In the wake of Russia’s invasion of Ukraine, NATO on Tuesday drew up the deepest restructuring of its strategy since the end of the Cold War in the event of a Russian attack.
The top-secret plans detail which of the 31 member countries of the Western military alliance will be called upon to respond to an attack from the areas of the Arctic and Baltic seas, across the North Atlantic and as far as the Mediterranean and Black Seas.
“Peace in the Euro-Atlantic area has collapsed,” the alliance leaders said in a statement, laying out the threats posed by Russia and terrorism. “Together, these plans will significantly improve our ability and readiness to deter and defend against any threat, even in the event of little or no warning, and to ensure timely reinforcement from all allies.”
The leaders, meeting in Vilnius, Lithuania, “commit to allocate resources and regularly exercise these plans in order to be prepared for a high-intensity, multi-domain defense.”
Under the new plans, NATO commanders will know more clearly how many soldiers and equipment they have at their disposal and how long it would take to get them ready, officials said.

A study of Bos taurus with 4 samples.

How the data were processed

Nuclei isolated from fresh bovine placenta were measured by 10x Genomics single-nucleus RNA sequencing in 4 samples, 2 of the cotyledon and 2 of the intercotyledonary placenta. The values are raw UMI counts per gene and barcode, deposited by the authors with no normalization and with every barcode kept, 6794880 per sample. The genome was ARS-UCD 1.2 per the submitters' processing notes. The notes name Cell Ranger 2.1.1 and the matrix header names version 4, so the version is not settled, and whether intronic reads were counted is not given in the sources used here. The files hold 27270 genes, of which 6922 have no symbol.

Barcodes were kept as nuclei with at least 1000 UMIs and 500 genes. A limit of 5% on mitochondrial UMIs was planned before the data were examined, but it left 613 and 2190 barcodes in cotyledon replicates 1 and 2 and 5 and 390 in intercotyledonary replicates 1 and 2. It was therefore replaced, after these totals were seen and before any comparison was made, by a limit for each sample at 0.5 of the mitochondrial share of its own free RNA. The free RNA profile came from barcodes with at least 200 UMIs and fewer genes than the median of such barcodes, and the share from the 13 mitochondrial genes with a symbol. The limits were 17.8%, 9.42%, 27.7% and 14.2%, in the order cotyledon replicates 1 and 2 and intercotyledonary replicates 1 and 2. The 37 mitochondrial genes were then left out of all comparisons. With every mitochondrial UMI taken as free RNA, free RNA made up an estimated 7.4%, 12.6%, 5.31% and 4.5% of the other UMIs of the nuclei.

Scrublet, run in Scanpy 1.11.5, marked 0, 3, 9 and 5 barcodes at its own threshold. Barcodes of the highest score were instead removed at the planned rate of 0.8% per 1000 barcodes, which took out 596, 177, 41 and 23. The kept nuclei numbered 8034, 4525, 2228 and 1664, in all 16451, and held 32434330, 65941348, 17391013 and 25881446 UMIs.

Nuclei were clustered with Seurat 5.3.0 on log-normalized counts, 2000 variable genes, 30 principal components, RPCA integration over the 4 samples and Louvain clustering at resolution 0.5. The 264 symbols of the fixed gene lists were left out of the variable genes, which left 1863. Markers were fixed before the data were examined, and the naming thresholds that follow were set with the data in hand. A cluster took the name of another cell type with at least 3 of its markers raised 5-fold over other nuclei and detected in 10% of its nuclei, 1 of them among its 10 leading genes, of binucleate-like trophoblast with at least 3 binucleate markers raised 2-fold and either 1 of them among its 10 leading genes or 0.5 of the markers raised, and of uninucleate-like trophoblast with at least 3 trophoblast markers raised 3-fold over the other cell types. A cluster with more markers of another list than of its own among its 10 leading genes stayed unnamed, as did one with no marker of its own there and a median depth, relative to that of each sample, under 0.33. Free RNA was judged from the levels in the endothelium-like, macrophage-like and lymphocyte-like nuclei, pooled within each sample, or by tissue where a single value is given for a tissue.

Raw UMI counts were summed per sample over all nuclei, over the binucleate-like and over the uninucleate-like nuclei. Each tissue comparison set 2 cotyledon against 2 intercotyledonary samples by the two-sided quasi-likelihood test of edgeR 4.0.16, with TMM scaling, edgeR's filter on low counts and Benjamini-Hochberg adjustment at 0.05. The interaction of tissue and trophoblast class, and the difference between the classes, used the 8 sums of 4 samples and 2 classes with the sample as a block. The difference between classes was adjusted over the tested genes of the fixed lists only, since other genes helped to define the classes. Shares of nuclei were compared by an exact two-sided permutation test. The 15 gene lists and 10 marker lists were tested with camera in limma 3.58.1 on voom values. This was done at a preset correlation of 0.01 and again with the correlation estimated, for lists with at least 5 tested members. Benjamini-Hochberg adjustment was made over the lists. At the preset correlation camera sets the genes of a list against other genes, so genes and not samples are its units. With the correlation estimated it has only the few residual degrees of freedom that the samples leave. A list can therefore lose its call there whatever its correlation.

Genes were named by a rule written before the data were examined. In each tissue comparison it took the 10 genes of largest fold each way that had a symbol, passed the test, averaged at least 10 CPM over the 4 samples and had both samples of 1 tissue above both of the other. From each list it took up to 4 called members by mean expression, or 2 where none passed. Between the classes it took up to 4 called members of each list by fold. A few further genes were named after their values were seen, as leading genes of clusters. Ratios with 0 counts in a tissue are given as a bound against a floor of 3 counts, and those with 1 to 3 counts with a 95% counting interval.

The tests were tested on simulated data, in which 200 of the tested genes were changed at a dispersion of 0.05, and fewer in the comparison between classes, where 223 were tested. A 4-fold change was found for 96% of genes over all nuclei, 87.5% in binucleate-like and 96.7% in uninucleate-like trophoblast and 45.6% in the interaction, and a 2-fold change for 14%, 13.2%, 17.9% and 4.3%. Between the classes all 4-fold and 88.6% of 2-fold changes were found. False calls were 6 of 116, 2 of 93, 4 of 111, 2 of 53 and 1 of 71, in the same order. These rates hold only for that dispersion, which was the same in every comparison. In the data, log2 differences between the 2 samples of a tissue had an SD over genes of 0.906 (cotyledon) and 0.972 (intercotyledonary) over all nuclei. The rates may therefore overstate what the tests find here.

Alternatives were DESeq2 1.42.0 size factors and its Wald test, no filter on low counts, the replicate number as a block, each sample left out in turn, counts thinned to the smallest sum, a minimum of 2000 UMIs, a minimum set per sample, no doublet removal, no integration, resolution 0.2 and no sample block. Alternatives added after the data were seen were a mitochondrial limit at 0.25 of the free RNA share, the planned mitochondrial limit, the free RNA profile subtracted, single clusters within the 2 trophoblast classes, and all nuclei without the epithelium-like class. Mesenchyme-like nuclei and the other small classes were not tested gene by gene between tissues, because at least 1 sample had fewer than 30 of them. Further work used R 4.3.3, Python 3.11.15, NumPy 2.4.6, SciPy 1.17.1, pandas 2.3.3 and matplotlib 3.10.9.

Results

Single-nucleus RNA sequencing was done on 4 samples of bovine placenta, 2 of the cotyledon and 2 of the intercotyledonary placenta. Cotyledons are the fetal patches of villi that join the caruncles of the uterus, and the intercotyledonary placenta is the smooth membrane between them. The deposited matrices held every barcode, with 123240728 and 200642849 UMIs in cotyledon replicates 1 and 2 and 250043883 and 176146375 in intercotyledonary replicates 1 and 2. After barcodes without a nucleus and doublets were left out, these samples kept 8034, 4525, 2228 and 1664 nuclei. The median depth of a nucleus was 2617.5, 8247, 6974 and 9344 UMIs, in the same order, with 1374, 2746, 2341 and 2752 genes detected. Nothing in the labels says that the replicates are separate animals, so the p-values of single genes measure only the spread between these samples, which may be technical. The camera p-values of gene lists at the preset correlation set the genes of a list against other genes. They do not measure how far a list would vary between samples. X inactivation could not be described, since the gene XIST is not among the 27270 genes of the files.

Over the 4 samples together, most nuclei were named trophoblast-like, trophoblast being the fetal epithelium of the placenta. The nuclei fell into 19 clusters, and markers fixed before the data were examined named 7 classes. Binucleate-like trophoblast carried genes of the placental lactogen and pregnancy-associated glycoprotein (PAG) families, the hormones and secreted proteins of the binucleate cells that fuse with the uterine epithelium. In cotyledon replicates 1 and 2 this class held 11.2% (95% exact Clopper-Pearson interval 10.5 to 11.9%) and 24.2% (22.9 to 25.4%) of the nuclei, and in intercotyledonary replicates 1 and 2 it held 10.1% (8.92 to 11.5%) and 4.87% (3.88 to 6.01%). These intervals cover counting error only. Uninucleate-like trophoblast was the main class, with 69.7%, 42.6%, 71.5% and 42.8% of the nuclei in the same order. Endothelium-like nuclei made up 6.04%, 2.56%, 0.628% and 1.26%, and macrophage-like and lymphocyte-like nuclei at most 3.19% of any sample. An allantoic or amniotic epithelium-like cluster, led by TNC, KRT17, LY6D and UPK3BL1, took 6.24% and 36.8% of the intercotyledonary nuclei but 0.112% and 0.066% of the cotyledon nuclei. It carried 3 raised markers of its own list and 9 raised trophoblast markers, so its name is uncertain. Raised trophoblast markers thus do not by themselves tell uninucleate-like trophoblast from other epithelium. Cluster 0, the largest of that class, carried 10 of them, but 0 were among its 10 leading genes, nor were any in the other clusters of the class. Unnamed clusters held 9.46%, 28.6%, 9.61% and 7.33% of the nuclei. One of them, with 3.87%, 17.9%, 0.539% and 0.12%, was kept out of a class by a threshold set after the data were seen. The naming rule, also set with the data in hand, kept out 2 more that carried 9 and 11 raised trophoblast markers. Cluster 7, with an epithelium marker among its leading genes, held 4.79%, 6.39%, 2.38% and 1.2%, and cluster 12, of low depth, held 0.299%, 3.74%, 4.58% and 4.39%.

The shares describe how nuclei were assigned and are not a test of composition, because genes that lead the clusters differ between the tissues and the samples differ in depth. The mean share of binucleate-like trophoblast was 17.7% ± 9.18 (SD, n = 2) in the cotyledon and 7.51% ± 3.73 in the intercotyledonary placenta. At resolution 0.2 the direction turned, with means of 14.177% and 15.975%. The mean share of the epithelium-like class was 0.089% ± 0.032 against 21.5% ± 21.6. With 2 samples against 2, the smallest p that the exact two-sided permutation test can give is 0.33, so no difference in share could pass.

The plans were reformulated after the Russian invasion of Ukraine ran counter to the alliance’s traditional military calculations.
NATO, as an organization, does not provide weapons or ammunition to Ukraine, lest it be drawn into a broader war with Russia. At the same time, it is massively strengthening its military presence in countries close to Russia, Ukraine and Belarus.
Some 40,000 troops are standing by from Estonia on the alliance’s eastern flank to Romania on the Black Sea. Some 100 aircraft fly over the region every day, and a total of 27 warships ply the waters of the Baltic and Mediterranean seas. Those numbers are about to rise.
Under the new plans, NATO would have up to 300,000 troops ready to move to its eastern flank in 30 days. The plans divide the alliance into three zones: the North Atlantic, the zone north of the Alps, and southern Europe.
The planning was based on the strength of the Russian army before the invasion of Ukraine, almost 17 months ago. Since then the war has depleted the resources of the Russian army, but not its navy or air force, NATO commanders say.
The alliance’s 31 member countries participated in a “force generation conference” in late June to calculate how many soldiers and equipment it should have available to respond to a possible Russian attack, both in the short and long term.
Alliance commanders expressed optimism about the results, although they declined to give details for security reasons. Experts and diplomats, however, have expressed doubts about members’ willingness to make 300,000 troops available.